Your fantasy baseball rankings look a little stale. KFFL.com's Fantasy Baseball Player Prospecting series highlights the exploits of minor league baseball players, including top MLB prospects. Find out who'll make an impact, whether it's in your rotisserie or head-to-head baseball game next week or in your fantasy baseball keeper league two years from now.
Pomeranz, the agreed upon player-to-be-named later, is the centerpiece of the deal. The No. 5 overall pick of the 2010 draft has been outstanding in his pro debut this year, registering a 3-3 record, 1.98 ERA and 112:38 strikeout-to-walk ratio in 91 innings between high Single-A Kinston and Double-A Akron. The former Ole Miss star attacks hitters with a low- to mid-90s fastball, an exceptional 12-to-6 curveball and a developing changeup.
Even though he is not a heavy ground-ball pitcher, Pomeranz has held opponents to only three homers this year, a good sign for a hurler who is eventually headed to Coors Field. The 22-year-old lefty projects as a No. 2 starter, possibly an ace.
Following a solid professional debut in 2010, White appeared to be taking his pitching craft to another level early this season. He raised his strikeout rate from an average of 6.99 whiffs per nine between Kinston and Akron in 2010 to 10.6 at Triple-A Columbus early in the year. The 2009 first-round pick was shortly promoted to Cleveland after registering a 1.90 ERA in four Triple-A starts.
In the majors, White held his own with a 3.60 ERA in three starts but hasn't pitched in a game since May due to a finger injury that he has since recovered from. The North Carolina alumnus is a sinkerballer whose ground-ball tendencies should suit him well at Coors Field. He also throws an above-average splitter, but his slider is an inconsistent offering. White profiles as a middle-of-the rotation starter.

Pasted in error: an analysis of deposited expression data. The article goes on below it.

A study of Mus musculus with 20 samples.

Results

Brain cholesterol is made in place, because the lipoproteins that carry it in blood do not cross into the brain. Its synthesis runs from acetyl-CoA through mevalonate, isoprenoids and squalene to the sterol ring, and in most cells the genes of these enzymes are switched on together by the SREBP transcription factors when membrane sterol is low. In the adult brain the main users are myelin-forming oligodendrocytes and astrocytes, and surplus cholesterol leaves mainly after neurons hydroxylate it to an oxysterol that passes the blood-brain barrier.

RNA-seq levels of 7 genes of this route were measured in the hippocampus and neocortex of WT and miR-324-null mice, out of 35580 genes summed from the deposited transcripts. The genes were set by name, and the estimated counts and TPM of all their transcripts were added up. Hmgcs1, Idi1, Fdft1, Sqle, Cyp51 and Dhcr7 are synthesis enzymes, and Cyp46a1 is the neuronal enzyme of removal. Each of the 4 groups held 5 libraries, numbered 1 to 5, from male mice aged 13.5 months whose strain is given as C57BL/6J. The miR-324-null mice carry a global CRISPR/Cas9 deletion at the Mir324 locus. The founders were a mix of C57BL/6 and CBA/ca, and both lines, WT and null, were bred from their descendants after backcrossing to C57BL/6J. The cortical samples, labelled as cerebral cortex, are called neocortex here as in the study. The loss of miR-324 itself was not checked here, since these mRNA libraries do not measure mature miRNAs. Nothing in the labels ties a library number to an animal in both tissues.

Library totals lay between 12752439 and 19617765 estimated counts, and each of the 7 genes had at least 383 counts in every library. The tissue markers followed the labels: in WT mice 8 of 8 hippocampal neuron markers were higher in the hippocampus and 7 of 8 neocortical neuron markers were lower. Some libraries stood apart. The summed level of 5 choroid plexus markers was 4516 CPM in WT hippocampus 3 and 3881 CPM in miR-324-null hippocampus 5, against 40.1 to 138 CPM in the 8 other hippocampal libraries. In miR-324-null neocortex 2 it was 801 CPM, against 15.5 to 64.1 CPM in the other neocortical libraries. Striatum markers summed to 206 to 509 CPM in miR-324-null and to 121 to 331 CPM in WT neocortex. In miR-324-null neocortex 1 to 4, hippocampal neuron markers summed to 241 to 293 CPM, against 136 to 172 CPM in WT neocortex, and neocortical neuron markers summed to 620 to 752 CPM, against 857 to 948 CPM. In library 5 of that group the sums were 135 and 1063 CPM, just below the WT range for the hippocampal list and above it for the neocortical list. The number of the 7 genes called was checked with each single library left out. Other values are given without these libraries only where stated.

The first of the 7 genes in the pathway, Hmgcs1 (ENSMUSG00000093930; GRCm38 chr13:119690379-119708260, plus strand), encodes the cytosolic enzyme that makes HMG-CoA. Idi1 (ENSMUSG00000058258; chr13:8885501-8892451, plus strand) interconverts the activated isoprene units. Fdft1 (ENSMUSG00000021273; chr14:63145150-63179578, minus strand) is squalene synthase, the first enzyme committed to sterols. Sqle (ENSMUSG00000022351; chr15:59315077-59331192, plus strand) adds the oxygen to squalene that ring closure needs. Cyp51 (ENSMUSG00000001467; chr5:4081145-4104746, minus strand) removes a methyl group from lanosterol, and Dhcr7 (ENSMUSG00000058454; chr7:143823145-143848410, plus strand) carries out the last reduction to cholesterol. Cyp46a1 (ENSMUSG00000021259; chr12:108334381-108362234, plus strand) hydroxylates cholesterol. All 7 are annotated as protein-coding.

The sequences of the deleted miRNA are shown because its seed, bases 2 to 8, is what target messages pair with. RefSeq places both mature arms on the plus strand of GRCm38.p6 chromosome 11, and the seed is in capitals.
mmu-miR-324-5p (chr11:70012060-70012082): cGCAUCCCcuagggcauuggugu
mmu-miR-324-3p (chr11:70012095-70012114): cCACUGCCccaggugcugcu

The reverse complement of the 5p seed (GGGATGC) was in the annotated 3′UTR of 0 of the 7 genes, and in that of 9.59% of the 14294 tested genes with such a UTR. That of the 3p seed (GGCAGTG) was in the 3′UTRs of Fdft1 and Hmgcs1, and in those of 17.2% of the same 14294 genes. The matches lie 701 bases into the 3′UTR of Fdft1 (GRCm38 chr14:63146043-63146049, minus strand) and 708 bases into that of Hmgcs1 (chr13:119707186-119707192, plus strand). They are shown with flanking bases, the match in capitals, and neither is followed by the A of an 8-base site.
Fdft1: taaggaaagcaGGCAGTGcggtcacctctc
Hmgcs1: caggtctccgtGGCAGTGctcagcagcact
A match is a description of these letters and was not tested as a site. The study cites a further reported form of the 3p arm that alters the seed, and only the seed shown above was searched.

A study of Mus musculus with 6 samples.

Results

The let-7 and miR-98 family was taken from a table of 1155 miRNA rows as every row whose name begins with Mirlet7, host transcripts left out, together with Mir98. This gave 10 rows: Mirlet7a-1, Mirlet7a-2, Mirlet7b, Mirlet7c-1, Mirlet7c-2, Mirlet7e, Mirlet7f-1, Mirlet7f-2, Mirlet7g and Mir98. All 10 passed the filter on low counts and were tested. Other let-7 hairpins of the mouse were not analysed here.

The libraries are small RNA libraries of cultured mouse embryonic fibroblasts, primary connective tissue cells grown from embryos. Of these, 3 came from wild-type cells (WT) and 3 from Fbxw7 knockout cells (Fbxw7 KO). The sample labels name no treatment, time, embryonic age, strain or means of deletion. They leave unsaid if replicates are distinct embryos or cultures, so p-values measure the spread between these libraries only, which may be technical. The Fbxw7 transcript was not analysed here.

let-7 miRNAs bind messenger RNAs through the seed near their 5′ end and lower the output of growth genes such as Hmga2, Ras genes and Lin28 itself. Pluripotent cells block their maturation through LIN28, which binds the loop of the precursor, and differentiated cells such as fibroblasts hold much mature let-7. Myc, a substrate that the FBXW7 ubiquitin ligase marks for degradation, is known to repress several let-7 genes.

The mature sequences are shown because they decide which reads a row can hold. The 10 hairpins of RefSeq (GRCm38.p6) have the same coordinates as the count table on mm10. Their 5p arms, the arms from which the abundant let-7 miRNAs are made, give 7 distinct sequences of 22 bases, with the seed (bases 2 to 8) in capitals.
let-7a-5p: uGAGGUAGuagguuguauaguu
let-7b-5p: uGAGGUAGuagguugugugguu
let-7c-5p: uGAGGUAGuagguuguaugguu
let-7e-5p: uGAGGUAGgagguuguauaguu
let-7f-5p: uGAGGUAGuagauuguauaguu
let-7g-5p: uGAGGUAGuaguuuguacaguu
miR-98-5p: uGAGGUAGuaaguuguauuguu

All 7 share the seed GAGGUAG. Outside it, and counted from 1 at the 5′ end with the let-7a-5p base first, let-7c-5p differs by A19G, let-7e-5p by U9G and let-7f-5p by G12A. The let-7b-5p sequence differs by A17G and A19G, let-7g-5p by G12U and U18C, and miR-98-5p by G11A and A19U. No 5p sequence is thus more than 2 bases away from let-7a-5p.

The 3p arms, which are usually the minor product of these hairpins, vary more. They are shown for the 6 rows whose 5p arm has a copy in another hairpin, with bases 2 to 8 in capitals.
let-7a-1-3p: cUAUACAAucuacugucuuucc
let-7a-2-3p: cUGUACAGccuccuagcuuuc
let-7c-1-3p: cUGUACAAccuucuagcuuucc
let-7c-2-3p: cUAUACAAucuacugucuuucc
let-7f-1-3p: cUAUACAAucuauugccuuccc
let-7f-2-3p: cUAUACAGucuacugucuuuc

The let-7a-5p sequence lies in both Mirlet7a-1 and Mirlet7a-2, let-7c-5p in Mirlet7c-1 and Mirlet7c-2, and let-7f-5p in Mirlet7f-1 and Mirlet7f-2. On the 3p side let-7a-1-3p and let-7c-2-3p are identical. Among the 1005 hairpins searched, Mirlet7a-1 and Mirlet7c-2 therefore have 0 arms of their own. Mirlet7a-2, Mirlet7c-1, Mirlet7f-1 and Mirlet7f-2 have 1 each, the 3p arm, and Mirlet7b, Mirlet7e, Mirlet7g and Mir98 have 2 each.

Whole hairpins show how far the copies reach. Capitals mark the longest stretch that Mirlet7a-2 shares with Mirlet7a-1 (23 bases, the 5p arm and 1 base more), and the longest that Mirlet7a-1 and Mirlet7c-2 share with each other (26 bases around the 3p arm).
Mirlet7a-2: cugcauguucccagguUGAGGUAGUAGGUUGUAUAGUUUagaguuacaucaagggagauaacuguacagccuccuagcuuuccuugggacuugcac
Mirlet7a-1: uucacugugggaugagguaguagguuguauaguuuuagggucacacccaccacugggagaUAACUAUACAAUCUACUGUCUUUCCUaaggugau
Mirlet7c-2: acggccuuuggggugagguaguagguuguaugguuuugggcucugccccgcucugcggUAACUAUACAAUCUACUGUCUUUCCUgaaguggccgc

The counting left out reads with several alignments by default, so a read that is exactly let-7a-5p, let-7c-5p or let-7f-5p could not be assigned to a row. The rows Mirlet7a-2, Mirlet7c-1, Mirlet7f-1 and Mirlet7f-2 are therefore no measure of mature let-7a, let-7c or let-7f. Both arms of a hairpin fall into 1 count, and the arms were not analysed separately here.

Gardner had a splendid pro debut in 2010 by winning 13 games, compiling a 2.75 ERA and averaging 8.67 strikeouts per nine innings. However, Gardner's stock has fallen in Double-A, where he has posted a 4.99 ERA and an ugly 60:47 strikeout-to-walk ratio in 97 1/3 innings.
Despite the struggles, Gardner's craft is tailor-made for Coors Field. Utilizing a power sinkerball, Gardner has averaged 1.91 ground-outs per every air-out this season and has allowed only six home runs all year. His sinker-slider repertoire draws comparisons to Indians starting pitcher Justin Masterson. Command has always been a weakness for the UC Santa Barbara alumnus because his sinker generates so much movement that Gardner has a hard time getting it to stay in the strike zone.
McBride, a 26-year-old first baseman in his sixth professional season, has slumped in Triple-A (.156 batting average) after posting an .895 OPS at Double-A Akron. The Rockies' scouts gave positive reports of his bat, though, and are willing to work in finding a permanent position for him; he has played catcher, first base and outfield but hasn't found a home yet.
Newly acquired outfielder Trayvon Robinson went 1-for-3 with a stolen base in his Seattle Mariners organizational debut, suiting up for Triple-A Tacoma in their 4-2 win over Las Vegas. The switch-hitter is hitting .294 with 26 home runs, 71 RBIs, 71 runs scored, nine steals and a .937 OPS in 371 Pacific Coast League at-bats this year.
While Robinson has grown as a power hitter, he still struggles with strikeouts, having whiffed 123 times this season. Turning 24 in June, he still profiles as a solid across-the-board contributor (potentially a 15-15 type) and warrants an add in dynasty formats.
About Chris Hadorn
Chris Hadorn has covered minor league and amateur prospects for more than a decade. He writes for San Diego's North County Times and has been a KFFL fantasy baseball contributor since 2006.